THE WORD "APPEASEMENT" made its obligatory election-season appearance earlier this month, when President Bush declared in a speech that the idea of negotiating with "terrorists and radicals" offered only "the false comfort of appeasement."
I already had appeasement on my mind, thanks to Stanford linguist Arnold Zwicky. A couple of days before Bush's speech, he'd posted a long meditation at Language Log on the question of appeasing the grammar Nazis. (He didn't use those words; he just called them "the crazies.")
Applying "appeasement" to the usage wars first occurred to me a few years ago, when I took my computer's grammar checker out for a spin and found it was full of usage bogosity. Passives are evil, "none" must be singular, infinitives can't be split - who believes this stuff?
Not the good usage writers; any decent advice book will tell you that some "rules" are just odd whims that have burrowed their way into language folklore, independent of actual usage or common sense. They've become mere badges of membership in the sticklers' guild, passwords of the picky elect.
Unfortunately, most usage writers also counsel submission. So your boss, or teacher, or editor thinks "over" can't mean "more than" - why not humor the knucklehead? Why ask for trouble? So cowardice perpetuates the usage folklore. And one day you find the Usage Big Brother installed on your laptop, messing with your head.
Bad enough to kowtow to a misinformed boss or professor, but obeying a half-witted grammar checker - surely that's not the American way?
None of this (I suppose I must say) is an argument against teaching standard English. But writing is a complex and difficult craft; by focusing on trivia (mythical or not), we only reinforce the silly notion that writing well is mostly a matter of avoiding mistakes.
It's hard to see where to start a rebellion, when the penalties for dissent can be harsh - or even invisible. Zwicky has heard executives claim that they simply tossed any job application with a split infinitive. A college teacher once boasted on the Web that a comma splice - a tiny departure from conventional punctuation - was reason enough for him to send back a paper as "incomplete."
These are not grammar Nazis but nit Nazis, small minds powered by big egos. That's a tough combination to fight. But talking back to these terrorists would be progress - a step up from the silent appeasement so many of us now preach and practice.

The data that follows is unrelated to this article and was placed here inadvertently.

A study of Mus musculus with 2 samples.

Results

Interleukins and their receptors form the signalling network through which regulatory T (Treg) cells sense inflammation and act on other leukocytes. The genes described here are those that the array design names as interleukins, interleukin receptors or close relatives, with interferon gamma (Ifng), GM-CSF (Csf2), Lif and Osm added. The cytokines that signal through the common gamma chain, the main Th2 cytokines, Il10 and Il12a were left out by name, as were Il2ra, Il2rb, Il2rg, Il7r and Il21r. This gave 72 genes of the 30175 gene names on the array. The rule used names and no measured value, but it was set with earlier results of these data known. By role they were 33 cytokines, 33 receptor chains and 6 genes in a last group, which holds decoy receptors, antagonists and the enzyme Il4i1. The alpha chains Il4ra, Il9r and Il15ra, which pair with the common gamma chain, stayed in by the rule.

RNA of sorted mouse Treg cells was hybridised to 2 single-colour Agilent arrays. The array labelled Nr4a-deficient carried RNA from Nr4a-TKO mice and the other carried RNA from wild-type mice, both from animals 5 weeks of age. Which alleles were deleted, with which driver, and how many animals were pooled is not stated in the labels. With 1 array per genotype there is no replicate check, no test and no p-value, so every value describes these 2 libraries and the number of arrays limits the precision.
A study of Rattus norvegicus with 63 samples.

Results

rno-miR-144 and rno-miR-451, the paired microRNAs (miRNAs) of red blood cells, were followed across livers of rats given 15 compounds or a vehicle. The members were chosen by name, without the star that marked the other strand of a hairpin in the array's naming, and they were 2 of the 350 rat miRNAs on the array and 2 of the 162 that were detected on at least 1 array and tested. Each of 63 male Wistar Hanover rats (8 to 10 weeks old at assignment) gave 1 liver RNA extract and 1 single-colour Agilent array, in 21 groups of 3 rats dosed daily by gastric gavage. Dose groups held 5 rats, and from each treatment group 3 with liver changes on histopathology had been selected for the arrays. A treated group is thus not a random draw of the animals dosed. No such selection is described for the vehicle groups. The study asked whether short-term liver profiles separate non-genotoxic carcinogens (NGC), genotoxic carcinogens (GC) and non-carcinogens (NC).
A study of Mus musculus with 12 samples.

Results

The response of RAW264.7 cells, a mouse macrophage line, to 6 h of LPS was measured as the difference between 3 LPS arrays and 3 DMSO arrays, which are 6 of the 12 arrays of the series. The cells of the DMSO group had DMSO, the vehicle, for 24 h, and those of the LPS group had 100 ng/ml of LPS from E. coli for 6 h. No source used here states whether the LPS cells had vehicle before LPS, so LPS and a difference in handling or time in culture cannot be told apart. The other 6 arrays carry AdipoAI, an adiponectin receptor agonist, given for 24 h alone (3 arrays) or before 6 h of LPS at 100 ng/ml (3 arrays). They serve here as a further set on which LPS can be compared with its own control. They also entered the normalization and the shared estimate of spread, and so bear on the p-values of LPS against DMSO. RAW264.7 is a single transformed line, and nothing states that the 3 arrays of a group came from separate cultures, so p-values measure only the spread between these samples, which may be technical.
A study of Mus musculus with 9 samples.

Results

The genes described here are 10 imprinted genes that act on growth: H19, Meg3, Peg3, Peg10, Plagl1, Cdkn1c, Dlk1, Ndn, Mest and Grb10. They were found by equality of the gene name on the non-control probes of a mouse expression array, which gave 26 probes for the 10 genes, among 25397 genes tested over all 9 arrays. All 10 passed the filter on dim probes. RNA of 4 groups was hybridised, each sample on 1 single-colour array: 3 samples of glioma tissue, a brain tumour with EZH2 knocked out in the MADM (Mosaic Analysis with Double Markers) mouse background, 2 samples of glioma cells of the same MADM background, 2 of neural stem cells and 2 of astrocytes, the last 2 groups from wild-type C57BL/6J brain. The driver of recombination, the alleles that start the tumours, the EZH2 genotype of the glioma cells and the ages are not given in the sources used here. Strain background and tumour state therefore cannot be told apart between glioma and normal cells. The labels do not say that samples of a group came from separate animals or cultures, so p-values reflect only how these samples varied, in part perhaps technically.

Doyle was interested in Amy Vanderbilt's use of the word literally in her 1958 etiquette book, where she explained that an escort "literally dances attention on the girl he has brought to the party."
"Dances attention" seemed odd to Doyle, and it is: The usual expression is "dance attendance," meaning to be at someone's beck and call. It dates back some four centuries, while "dance attention" isn't even mentioned in the online Oxford English Dictionary.
But it does turn up in Yeats - in fact, both variants do, in the very same late poem, "The Spur."
"You think it horrible that lust and rage / Should dance attendance on my old age," the poem begins - in some editions. In others, equally respectable, it's "dance attention." Why would that be? I asked William Flesch, an English professor at Brandeis, who responded with some tantalizing bits of the poem's history.
"The Spur" first appeared in 1938, he reports, in the London Mercury, with the "dance attention" wording. But in the collection published in book form later that year - the last version Yeats himself saw into print - the phrase was "dance attendance."
Flesch suspects that the London periodical "just had it wrong, but that the editors of the later collected poetry followed the principle of difficilior lectio (i.e., prefer the more unusual and idiosyncratic reading)."
As for Amy Vanderbilt, she was clearly making a joke: "Literally dancing attention," she went on to say, means "dancing his first dance with [his date] and seeing that she is never without a partner."
Why Vanderbilt chose the rare "dances attention" when "dancing attendance" was a flourishing, familiar usage - that's a mystery. But her use of "literally" isn't the intensifying, and figurative, use so stigmatized by word watchers; she really is talking about the fox trot.